Whether you’re a wine drinker or not, here’s a great cork mat idea. You can use it on the floor or on a wall. Remember, it’s hot glue so it’s not indestructible so keep your glue gun close by for quick fixes.
Things You’ll Need
150 to 200 clean wine corks
Hot glue sticks and gun
Non-adhesive plastic shelf liner or a standard shower mat
Sharp knife or box cutter
Silicon mat or similar to provide non-slip surface to work on
Cutting board, self-healing craft/cutting mat or a very strong piece of cardboard (if using cardboard, you might need several replacement pieces as you’re working through the cork cutting)
Gather the corks. If you’ve been collecting corks, check that you’ve got enough, as you’ll need around 150 to 200. If not, additional corks can be purchased from brewing or wine-making suppliers, craft stores or through online retailers. Also check your local thrift store as sometimes they get people’s collections of old corks. If using used corks, check that they’re clean. They should be free of dust, wax or any build-up. Warm soapy water is best for cleaning them––just ensure they’re thoroughly dry before beginning the craft project.For wine-stained corks, simply soak them overnight in a bowl of water to which you’ve added a touch of bleach. This should remove the wine. Rinse clean, and allow to dry thoroughly before using.
Slice each cork in half, lengthwise. Be especially careful not to slice your fingers when doing this. It helps to wear work gloves during this part of the process and lay down a non-slip surface for the cutting board to sit on, such as a silicon map, before beginning. Take plenty of breaks, as there are a lot of corks to get through––grab a friend to help if possible. To slice the corks in half:Stand the cork up on the cutting board or cardboard, then cut downward. Hold the top of the cork with your finger and slice it neatly in half.
Sand the sides of the cork if they become too jagged. Gently run the sandpaper down the sides and along the middle to ensure a smooth, clean surface.
Create the bathmat base. Use a plastic shelf liner or shower mat to serve as the base––a previously designed rubber shower mat may be the best option, as it will provide structure. However, your mat will be more flexible if you choose to use a plastic shelf liner. A more solid alternative can be to use a piece of water-resistant wood, like marine-ply (or wrap the wood in plastic or oil it––the latter option may make gluing hard though).Determine the size by either using another shower mat as the guide or measuring the custom size you desire. Consider your bathroom dimensions when determining size.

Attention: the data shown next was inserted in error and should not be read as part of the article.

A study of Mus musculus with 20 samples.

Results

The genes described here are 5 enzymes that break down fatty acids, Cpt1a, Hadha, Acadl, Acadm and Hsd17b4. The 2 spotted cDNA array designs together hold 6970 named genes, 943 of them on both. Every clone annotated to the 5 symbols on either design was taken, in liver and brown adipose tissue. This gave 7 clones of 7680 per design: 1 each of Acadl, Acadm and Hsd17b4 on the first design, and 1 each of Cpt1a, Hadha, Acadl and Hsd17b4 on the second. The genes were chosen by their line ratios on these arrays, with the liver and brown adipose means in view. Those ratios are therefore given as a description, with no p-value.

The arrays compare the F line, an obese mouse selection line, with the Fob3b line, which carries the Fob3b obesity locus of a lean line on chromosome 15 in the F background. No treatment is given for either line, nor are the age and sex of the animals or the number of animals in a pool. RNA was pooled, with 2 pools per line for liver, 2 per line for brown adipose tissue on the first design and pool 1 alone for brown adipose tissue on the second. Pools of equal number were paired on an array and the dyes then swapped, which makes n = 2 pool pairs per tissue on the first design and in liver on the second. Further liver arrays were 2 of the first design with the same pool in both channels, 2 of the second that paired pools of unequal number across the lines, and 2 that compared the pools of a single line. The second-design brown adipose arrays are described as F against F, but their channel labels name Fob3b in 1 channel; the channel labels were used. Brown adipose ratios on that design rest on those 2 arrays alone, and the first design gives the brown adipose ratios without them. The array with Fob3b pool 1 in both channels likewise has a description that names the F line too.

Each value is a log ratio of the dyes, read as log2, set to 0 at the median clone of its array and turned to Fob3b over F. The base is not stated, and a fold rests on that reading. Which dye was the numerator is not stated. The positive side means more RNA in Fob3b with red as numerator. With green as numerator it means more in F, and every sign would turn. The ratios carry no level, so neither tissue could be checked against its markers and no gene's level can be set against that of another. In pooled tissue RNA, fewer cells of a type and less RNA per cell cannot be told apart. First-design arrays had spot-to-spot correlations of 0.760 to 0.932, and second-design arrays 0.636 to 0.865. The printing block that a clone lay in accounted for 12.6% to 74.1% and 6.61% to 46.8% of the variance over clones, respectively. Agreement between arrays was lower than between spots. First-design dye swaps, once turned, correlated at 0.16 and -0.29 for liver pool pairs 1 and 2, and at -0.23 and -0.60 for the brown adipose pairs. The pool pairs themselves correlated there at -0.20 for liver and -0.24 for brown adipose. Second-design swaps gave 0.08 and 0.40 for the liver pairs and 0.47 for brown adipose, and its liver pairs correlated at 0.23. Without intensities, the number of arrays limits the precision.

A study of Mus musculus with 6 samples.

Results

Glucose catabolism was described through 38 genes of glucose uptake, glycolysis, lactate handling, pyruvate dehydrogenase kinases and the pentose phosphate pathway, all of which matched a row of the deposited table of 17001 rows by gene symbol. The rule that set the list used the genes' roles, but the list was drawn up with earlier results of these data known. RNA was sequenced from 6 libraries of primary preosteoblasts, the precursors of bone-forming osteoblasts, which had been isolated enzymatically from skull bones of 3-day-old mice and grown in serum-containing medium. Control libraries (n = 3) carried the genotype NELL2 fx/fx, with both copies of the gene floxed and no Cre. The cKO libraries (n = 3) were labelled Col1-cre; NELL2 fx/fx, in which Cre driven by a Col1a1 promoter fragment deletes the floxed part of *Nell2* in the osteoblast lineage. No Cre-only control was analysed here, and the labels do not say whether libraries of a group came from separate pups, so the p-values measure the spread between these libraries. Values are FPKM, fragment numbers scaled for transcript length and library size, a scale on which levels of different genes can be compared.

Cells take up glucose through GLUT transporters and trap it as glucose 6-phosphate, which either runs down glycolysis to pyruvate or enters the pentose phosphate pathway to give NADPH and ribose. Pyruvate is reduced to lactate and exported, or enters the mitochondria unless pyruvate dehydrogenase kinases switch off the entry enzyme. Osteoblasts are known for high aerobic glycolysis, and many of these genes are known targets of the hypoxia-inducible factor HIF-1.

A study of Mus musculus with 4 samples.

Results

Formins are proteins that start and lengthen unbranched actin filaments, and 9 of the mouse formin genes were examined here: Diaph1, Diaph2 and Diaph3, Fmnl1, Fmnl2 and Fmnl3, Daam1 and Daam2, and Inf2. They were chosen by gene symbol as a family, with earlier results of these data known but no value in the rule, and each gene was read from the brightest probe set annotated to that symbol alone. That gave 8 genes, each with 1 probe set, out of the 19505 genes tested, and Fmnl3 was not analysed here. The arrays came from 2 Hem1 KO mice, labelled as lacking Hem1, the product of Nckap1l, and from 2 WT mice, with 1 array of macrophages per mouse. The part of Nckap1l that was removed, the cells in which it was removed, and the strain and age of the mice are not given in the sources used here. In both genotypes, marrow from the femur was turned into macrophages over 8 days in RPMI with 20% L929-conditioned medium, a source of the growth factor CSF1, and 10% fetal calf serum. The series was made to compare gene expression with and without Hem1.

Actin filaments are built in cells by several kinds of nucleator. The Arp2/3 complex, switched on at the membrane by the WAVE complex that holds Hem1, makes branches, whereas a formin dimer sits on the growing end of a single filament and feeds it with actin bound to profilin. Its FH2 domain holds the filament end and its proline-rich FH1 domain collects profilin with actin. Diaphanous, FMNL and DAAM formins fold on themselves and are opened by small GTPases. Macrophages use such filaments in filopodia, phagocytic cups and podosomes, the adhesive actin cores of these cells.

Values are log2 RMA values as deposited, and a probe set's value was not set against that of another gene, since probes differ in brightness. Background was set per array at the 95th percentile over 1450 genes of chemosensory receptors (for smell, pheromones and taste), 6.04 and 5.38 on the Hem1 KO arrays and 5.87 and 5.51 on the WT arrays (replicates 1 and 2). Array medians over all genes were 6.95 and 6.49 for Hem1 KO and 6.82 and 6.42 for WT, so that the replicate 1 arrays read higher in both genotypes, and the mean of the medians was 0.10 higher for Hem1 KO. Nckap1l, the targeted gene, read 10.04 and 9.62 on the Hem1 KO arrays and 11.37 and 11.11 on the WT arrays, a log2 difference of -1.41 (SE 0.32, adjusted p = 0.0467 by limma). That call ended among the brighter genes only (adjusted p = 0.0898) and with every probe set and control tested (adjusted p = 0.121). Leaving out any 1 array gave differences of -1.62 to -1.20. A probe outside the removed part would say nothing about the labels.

Cut the liner using either the box cutter or the sharp knife. If you need to size the base, use a ruler or straight edge to mark areas to cut.
Lay the shower mat or cut shelf liner down flat on the floor or on another flat surface. Cut the liner or mat either on a work table or on an outside patio so you don’t slash your floor or any furniture. Placing a self-healing cutting mat underneath can be helpful.
Arrange the cork halves around the perimeter of the line or mat. Begin by creating a border with cork halves lining up vertically along the edges of the mat:Line the corks up so the bottom of each cork (end) butts up to the sides of the mat or liner.
Complete the entire perimeter of the mat with corks until the entire mat/liner has been lined with corks. If you don’t achieve a perfect fit, cut some of the corks to fit.
Apply hot glue to the flat half of each cork and press the cork into the liner or mat. Use a dab of glue at the top and bottom of each cork and press firmly into the mat. Use a rag to wipe any excess glue that may ooze out from beneath the corks.
Add the remaining corks to the mat. Create a pattern or design with the cork layout, working your way from the outside inward with the remaining cork halves. Continue either with the vertical pattern or consider laying corks in a horizontal fashion and then alternating for each surrounding row.It’s probably a good idea to lay out the cork halves first to determine a pattern and then glue the corks to the mat after you’re sure they will all fit. That way, you won’t start your mat and then get stuck if your pattern doesn’t work out or if you don’t like they way it looks.
Trim corks if needed to accommodate the size of the mat/liner. Keep your knife/scissors handy in case you need to customize cork size.
Allow to dry completely before using. It might be a good idea to apply a coat of protective sealant such as polyurethane or cork sealant across the top of the cork bathmat, to waterproof it. However, corks can withstand small brushes with liquid (after all, they are in wine bottles a lot of the time), provided they’re not constantly soaked. You might find the mat lasts okay if you don’t end up with a floor awash with water each use and if you drop a small hand towel over the top of it before stepping on it from the shower. On the other hand, as with all bathroom items, there is a risk of mildew growth over time. This can possibly be avoided by placing the mat up somewhere that allows air circulation to dry it, and leaving it in the sun once a month or so, to ensure it dries out well. Whether or not you add a sealant is really a personal choice, and you might like to ask your local eco-hardware supplier if there are some eco-friendly choices for sealants available.
Not a big drinker? Inquire about leftover corks at restaurants and catering companies––friends and relatives may be happy to provide you with materials as well.
Paint and “weather” the cork mat using crackle paint. You can achieve that rustic, “shabby chic” appearance using natural colors like white or tan.
Keep the glue gun handy for corks that pop off during use. It’s likely to happen now and then but it’s easily remedied.
An unsealed cork mat may grow mildew and crumble in a short period of time.
Always take great care when using sharp instruments.